As we get older our sleep patterns change and we might find that over the age 50 we begin to sleep less deeply and wake up earlier in the morning.
However, insomnia is not caused by aging and if you find that you can’t get to sleep or you wake up after only a few hours of sleep, you’re not alone but you need to address this problem.
The Importance of Sleep
Sleep, especially as we get older is important for your body to repair itself, to keep you healthy by revitalising your immune system and to help your memory and concentration. If you are happy and healthy then you are more likely to sleep well.
Although it best to have been seven and eight hours of sleep every night, it is the quality of that sleep which is more important.
Lack of sleep can make you grumpy, sleepy and unable to concentrate properly. You memory will be effected and you might also get anxious.
Many people suffer from insomnia because they have stress or worry that they can’t let go of when they go to bed. Pain can keep you awake or lack of exercise.
What the Doctors say
Many sleep experts believe that not sleeping eventually becomes something that your body learns not to do and the harder you try, the more you fail. A recent article in the Guardian newspaper highlighted the sleep problems of Journalist, Bin Adewunmi. She went to see Dr Guy Meadows at The Sleep School in London.
Dr Meadows is a believer in the body having learned not to sleep and he runs courses and gives advice to people suffering from insomnia to change the body’s response to sleeping.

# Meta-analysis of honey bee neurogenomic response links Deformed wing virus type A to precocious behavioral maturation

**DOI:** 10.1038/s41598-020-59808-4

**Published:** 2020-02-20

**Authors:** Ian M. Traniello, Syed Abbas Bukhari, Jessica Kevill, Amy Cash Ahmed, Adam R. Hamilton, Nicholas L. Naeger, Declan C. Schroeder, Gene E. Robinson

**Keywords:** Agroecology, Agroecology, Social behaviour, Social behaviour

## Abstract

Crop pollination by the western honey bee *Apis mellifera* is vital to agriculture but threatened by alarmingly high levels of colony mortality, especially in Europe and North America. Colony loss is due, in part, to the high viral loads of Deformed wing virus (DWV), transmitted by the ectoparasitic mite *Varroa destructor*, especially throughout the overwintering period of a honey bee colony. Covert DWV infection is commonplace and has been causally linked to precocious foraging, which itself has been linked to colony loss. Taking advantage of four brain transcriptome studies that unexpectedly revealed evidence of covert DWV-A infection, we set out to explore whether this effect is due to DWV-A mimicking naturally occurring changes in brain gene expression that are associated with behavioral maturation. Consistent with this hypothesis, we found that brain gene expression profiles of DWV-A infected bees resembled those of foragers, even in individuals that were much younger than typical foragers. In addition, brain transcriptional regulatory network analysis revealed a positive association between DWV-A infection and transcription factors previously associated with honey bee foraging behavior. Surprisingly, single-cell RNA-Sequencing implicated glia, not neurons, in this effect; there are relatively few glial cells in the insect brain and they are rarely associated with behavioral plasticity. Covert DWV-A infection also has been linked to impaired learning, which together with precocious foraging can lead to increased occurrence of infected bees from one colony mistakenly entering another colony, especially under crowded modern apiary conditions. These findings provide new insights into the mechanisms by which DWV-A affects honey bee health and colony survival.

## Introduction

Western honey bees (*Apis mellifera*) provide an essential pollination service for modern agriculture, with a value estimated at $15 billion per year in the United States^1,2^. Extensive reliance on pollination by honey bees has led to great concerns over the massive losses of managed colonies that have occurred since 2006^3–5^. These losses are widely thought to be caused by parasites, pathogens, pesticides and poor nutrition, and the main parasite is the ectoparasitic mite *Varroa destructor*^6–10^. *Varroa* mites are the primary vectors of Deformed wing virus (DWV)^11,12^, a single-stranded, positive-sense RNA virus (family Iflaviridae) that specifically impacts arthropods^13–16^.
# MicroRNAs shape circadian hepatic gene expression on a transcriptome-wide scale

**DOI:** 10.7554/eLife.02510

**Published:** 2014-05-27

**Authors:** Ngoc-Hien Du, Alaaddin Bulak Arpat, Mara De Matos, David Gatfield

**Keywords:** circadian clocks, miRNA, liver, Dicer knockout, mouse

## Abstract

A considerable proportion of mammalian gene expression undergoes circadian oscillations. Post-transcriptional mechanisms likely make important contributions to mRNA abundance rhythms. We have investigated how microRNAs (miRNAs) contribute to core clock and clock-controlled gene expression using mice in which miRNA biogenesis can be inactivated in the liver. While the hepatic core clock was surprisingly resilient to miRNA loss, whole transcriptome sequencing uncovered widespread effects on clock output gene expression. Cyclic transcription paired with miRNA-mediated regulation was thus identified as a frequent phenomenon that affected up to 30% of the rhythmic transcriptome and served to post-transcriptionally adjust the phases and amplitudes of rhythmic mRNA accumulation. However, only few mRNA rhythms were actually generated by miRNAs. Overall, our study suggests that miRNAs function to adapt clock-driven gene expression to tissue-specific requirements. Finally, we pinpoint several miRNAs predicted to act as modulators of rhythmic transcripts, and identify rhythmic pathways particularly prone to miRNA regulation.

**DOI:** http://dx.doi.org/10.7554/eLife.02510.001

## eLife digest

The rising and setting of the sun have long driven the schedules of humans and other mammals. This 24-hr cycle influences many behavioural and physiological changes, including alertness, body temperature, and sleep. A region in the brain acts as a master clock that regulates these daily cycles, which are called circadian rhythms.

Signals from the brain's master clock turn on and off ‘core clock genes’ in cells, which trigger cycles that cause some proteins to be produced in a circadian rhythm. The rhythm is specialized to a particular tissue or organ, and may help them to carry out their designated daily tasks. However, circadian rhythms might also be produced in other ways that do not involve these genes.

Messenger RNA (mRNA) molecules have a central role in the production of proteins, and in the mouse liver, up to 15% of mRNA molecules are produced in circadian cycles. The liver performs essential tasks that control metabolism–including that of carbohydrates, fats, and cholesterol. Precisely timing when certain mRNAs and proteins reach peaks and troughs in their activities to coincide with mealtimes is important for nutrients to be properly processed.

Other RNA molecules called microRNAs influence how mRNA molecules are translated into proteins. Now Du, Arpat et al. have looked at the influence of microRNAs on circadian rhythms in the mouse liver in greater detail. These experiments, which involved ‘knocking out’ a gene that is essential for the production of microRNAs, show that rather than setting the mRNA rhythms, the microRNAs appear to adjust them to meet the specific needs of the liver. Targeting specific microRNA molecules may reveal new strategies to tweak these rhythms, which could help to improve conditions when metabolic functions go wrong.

He says, like many sleep experts, that using telephones, tablets and computers late at night keeps us awake. This is because electronic devices emit blue light.
What Has This Got to Do With Sleep?
Well, in order to feel sleepy our brain secretes the hormone Melatonin and that’s what helps us go to sleep. However if we watch TV in bed, use a tablet or a telephone, the blue light which you can’t see, but which is being emitted, reduces the secretion of Melatonin. This means that we don’t get enough of the hormone that makes us feel sleepy and we stay awake.
Dr Guy Meadows advised Bin Adewunmi not to use any electronic devices half an hour before bedtime and to go to bed at a reasonable time. His courses teach insomniacs how to be mindful of their condition and he gives them coping strategies to help with the anxiety that comes from not sleeping well.
His advice is to ‘let go’ and accept the situation. He advises his patients not to stress about the fact that you can’t sleep, but don’t do anything. Stay in bed, relax, and eventually your body will re-learn how to sleep once again.
Try using distraction techniques to stop you worrying and thinking too much when you go to bed. Some sleep experts recommend listening to your breathing, counting backwards, or visualising that you are relaxing on a warm beach.
You can browse Doctor Guy Mitchell’s Sleep School website and if you google ‘insomnia or ‘sleep problems’ there is a lot of information available and plenty of tips and hints about distraction techniques and what to do to get a good night’s sleep.